Action verbs provoke movement in your writing. As the workhorse of the sentence, a simple one- or two-syllable verb can pack a powerful punch. So why waste time hunting for the right adjective?
As a writing teacher, I’ll urge my students (of all ages) to push past ornamental, descriptive language and shoot straight for the action. Why?
Because it takes your readers where you want them to go.
The problem with adjectives is that – in their earnest effort to tantalize – they stop action. Verbs win, hands down.
Let’s say an action verb – we’ll call him Slim – goes toe-to-toe with an adjective. He saunters up to the bar and throws down a challenge. “I’ll match wits with anyone foolish enough to defy me,” he intones. His coat’s a little dusty, and the leather on his gun belt needs some spit and polish, but his straight-shooting words hit their mark and squeeze the air right out of the room.
Meanwhile, across the smoke-filled haze, a pretty, young adjective sees this braggart, hears his outrageous claim, and declares there just isn’t room for the two of them. She rises in all her finery and, with a toss of her elegant curls, raises a tiny, gloved hand in protest.
The unshaven Slim catches her eye in the mirror above the bar, and turns slowly as he reaches for his dictionary. But she’s quicker.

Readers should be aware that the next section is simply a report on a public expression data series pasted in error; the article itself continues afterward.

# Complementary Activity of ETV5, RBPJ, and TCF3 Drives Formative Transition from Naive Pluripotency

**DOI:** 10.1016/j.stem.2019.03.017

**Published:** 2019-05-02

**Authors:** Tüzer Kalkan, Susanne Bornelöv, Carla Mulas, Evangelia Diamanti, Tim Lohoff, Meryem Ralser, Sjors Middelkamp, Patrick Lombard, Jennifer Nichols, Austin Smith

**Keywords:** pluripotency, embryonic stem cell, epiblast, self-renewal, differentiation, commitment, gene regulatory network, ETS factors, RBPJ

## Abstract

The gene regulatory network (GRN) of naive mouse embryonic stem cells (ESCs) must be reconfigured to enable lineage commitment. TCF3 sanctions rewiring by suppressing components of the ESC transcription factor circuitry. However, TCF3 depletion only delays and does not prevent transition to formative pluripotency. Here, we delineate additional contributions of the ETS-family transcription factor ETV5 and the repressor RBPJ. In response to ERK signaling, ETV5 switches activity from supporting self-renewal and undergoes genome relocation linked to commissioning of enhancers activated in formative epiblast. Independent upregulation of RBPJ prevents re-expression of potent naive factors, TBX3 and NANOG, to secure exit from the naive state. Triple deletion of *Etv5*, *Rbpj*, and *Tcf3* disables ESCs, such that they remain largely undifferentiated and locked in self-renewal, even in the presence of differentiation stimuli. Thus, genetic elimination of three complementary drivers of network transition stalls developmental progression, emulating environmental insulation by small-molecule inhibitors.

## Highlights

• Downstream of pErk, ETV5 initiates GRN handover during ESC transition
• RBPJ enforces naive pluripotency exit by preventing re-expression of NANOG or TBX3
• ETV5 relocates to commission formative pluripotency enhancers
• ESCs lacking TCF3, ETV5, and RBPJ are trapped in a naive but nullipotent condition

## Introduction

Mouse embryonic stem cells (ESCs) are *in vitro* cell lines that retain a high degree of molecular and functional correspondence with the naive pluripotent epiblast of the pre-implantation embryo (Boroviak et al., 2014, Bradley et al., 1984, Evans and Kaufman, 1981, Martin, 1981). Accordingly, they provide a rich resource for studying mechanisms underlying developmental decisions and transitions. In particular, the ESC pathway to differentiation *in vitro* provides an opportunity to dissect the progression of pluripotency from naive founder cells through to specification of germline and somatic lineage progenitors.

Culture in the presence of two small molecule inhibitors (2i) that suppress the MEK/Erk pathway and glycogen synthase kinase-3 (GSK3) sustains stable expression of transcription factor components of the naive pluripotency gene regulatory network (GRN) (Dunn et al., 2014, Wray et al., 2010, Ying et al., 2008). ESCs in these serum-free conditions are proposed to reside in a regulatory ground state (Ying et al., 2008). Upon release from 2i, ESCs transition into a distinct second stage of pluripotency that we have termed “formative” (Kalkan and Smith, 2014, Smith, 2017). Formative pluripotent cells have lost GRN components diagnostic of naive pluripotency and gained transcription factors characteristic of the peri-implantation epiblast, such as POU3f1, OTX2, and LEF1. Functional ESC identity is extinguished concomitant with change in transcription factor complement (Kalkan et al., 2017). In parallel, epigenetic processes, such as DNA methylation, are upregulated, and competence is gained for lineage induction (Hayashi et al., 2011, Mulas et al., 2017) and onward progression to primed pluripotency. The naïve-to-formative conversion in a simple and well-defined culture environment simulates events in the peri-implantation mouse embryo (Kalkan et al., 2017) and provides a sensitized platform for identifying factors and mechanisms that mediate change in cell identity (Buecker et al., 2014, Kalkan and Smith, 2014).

“Contemptible,” the mellifluous voice calls forth.
Slim freezes, and for a split second, nobody moves. Then he arches an eyebrow and mocks her. “Refine me,” he taunts.
Flustered, the enchantress purses rosebud lips. “Double-dealing!” she returns.
“I shoot straight,” says he.
The fine porcelain is beginning to crack. “Feeble, fragile failure!” she cries out, desperate.
Slim’s eyes narrow to slits as he summons the final blow: “Hit the road!” he booms, with such force that she falls back into her chair, arrested.
The problem with adjectives is that in their earnest effort to tantalize, they stop action. Verbs win, hands down. There’s nothing wrong with a well-placed modifier, but keep in mind that action, like a skittish thoroughbred, will always go the distance. Adjectives are only pleasing diversions along the way.
When I was a girl, my father liked to take us to school on Saturdays – to shoot rockets in the faculty parking lot. These Barbie doll-sized missiles hurtled off their launching pads in sometimes awkward arcs, lifted by the whoops and hollers of our little crowd. We reveled in their sheer force and speed, vowing that one day, we would fly.
That’s the image I get when I harness a choice verb. It lifts the reader from the page, suspends him, disembodied, and then hurls him into the wild. Try it yourself, and you’ll never look back.